Visitors to the Louisiana Department of Wildlife and Fisheries (LDWF) headquarters building in Baton Rouge have a unique opportunity to enjoy the state’s native plants right on the grounds of the facility. LDWF developed the Louisiana Native Plant Garden at campus headquarters and it’s free for the public to enjoy.
The Garden contains more than 160 native plant species grouped into smaller gardens to resemble natural Louisiana habitats providing resources for wildlife in the urban landscape. The Garden is about a quarter-acre, making it one of the largest and most diverse native plant gardens in the state. Two interpretive stations and 80 plant label signs have been installed in the Garden to enhance visitors’ experiences.
“This is a great time to visit, as the Garden is undergoing a redesign to maximize aesthetics while maintaining a natural appeal in each garden theme,’’ LDWF Botanist Brian Early said. “In addition to a variety of native plants in bloom, those visiting will be able to see the transition between the various garden styles, wild to manicured, allowing visitors to decide which best fits their own landscape.’’
Developed in 2014, the Garden continues to evolve as staff make improvements, implementing new gardening and design techniques. It’s also a chance to get some ideas for your yard. Using native plants in Louisiana yards and neighborhoods provides many benefits to people, wildlife and the environment.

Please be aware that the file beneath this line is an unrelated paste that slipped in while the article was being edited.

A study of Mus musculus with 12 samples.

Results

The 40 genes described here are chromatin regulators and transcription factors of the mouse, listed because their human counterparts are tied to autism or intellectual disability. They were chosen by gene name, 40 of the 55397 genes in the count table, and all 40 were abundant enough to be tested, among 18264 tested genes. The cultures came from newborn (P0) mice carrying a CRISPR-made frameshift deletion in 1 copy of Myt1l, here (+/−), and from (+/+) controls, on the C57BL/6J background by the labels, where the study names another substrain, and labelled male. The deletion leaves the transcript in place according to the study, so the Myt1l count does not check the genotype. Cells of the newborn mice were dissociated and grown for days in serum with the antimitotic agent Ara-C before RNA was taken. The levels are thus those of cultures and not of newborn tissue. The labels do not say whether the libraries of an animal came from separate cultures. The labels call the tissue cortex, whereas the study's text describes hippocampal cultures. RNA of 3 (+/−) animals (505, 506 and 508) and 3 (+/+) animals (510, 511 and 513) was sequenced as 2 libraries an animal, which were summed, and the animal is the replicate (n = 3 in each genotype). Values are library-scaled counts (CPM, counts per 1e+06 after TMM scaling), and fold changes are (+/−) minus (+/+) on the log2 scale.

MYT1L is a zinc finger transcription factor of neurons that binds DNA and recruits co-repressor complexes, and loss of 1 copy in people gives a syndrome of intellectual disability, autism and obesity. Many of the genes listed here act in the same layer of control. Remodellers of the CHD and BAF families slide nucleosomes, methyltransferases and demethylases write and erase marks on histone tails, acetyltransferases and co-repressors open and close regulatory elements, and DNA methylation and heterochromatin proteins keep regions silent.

The Garden was recently selected as one of five locations to be visited on the Backyard Habitat Garden Tour hosted by the LSU Hilltop Arboretum. Early and volunteers were present at the Garden to lead tours, demonstrate gardening techniques, discuss applied design theory and share lessons learned with visitors. LDWF hosted 200 visitors during this event.
Located in front of the headquarters building, the public is invited to visit the LDWF Louisiana Native Plant Garden to learn about the importance of native plants and celebrate our state’s natural beauty. The LDWF hopes visitors will take pride in Louisiana by adding native plants to their landscapes to create a little wildlife habitat of their own.